Monday, April 19, 2010
The Good News Is The "Rubber Rooms" Are Closing. The Bad News Is That Teacher Due Process In The 3020-a Process Remains Unchanged
The demise of the "rubber room" is a great victory for all reassigned teachers, regardless how people feel about the union leadership and their exclusive (secretive) negotiating techniques. However, to claim it was a "pure win" for the reassigned teachers as a very respected blogger claims is quite an exaggeration. Nothing in this "rubber room agreement" makes the 3020-a process any more fair than before. Let's look at why the reassigned teacher still must deal with the unfairness of the 3020-a process.
There are no changes to how investigations are done. When a Principal goes after a teacher the final result is the teacher is removed. I have previously wrote about these unfair investigations Here, Here, and Here. An independent investigator would make this a fairer investigation and would require the teacher to fully participate in it.
No Consequences For "False Accusations":
The agreement does nothing to ensure that either the DOE or UFT go after administrators or students that were found to have given "false accusations" against a teacher, despite language to do just that in the previous "rubber room agreement". To date, no Administrator has been disciplined for giving "false accusations" against a teacher.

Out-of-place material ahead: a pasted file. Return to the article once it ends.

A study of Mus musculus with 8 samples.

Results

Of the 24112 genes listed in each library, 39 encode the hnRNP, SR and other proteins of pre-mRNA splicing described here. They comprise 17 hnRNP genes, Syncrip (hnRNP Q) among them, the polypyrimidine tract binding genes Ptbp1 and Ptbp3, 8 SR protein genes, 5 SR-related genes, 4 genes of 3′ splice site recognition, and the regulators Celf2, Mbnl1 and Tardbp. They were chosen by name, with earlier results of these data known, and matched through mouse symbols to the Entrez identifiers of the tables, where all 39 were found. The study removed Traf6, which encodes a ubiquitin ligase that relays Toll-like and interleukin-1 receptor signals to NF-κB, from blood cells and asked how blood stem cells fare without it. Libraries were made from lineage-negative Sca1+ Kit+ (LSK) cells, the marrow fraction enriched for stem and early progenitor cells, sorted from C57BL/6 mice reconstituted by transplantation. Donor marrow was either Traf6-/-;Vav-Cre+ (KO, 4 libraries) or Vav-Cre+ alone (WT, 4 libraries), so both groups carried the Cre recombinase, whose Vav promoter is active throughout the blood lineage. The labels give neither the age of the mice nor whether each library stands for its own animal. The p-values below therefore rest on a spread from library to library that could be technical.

The Expansion Of The Hated & Unfair "Probable Cause" Provisions:
The awful "probable cause" provision was expanded to include violent assault. Despite Leo Casey's advocacy for this provision, mere hearsay is enough to get a teacher offline for up to three months. Now we are adding another accusation to remove more innocent teachers.
Shortening The 3020-a Hearing Process:
You might think that this is a good thing. However, there is real concern that the hearings, with their stringent timelines could pressure Arbitrators from hearing character witnesses for the teacher because of the requirement of meeting the timelines (teacher witnesses go last). The hasty hearing process may turn out to be unfair to the teacher.
The NYC 3020-a process is inferior to the State 3020-a process because teachers do not have the right to refuse an Arbitrator (the State allows this). Furthermore, for incompetence cases, one Arbitrator, rather than a three Arbitrator panel is used to hear teacher incompetence cases. More about this issue can be found Here.
Overall, it was a win for the reassigned teachers but a "pure win"? Sorry, I just don't buy it.
Thanks South Bronx for the use of your picture.